In the investment approach I take, there are 3 steps. Decide on an asset allocation, decide how to invest, and monitor your investments. Here we have an asset allocation, and are investing in low-cost, well diversified funds. The final step is to monitor, i.e., track so that you can see if you are in fact achieving your goal of outperforming the market. In our specific, we are monitoring the percentage of assets allocated to fixed income.
The exercise here is merely instructive to show the process. It has only been 3 weeks since the beginning of the year, at which point the portfolio was set up. This exercise would, at most, be updated when changes are made or on a monthly or quarterly time schedule. Again, here I'm just setting out the process.
Calculate Portfolio Price Return
Step 1 is to gather prices. This can be done by going to Morningstar or Yahoo! Finance, for example.
|(P) 12/31||(P) 1/18|
The 1st column on the left lists the ticker symbols of the ETFs comprising the portfolio set up in the last post. In the 3rd column are the updated prices. The 4th column shows the calculated price returns. For example, HYS had a price return of 1.218% over the 3-week period. Here's the formula as entered into Excel: =((I2/H2)-1)*100, where I2 and H2 refer to particular cells on the spread sheet.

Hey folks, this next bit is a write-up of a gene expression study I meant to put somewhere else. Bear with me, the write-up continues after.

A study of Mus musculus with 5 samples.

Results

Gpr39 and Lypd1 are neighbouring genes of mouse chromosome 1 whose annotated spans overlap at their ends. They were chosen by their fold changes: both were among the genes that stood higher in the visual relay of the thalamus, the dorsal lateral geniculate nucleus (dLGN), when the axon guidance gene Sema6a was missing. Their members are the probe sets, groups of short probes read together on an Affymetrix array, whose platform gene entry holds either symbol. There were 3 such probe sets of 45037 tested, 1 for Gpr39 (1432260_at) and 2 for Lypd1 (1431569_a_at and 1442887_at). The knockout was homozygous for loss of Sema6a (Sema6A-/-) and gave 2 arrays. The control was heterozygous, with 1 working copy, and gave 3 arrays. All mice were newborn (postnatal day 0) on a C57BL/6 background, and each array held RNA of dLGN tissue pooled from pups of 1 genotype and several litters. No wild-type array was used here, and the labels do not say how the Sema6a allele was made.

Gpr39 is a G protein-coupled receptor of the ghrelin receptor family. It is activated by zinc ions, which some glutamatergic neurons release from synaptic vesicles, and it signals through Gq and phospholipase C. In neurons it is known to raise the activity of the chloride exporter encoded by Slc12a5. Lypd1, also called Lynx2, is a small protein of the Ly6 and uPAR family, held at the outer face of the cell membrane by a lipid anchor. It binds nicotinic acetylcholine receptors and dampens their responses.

The final column shows the contribution to total return based on the weighting of each ETF in the portfolio. Here's the formula: =C2*J2. For HYS, C2 is .049 (meaning that it represents 4.9% of the portfolio). Thus, .059, shown above, is just .049 * 1.218.
The bottom line is that, so far, the portfolio is ahead with a return of .313% versus -.135% for the overall bond market as represented by the Barclay's Aggregate Index.
A teaching moment: the reason the price return on AGG is negative is because bond yields have risen since the beginning of the year!
For this short time period, the result doesn't have a whole lot of meaning - I would hold back on the high 5s! Also, there is an income component that over longer periods you'll want to add in. For example, after 6 months you'll add one-half of the yield to get an estimate of total return.
Knowing how to use the copy key in Excel and how to sum columns makes this an easy spreadsheet to set up and can increase your understanding of how the fixed income portion of your portfolio is performing relative to the overall market.
Disclosure: This post is for educational purposes. Individuals should consult with an advisor or do their own research before making an investment decisions. My clients and I own some of the ETFs mentioned above.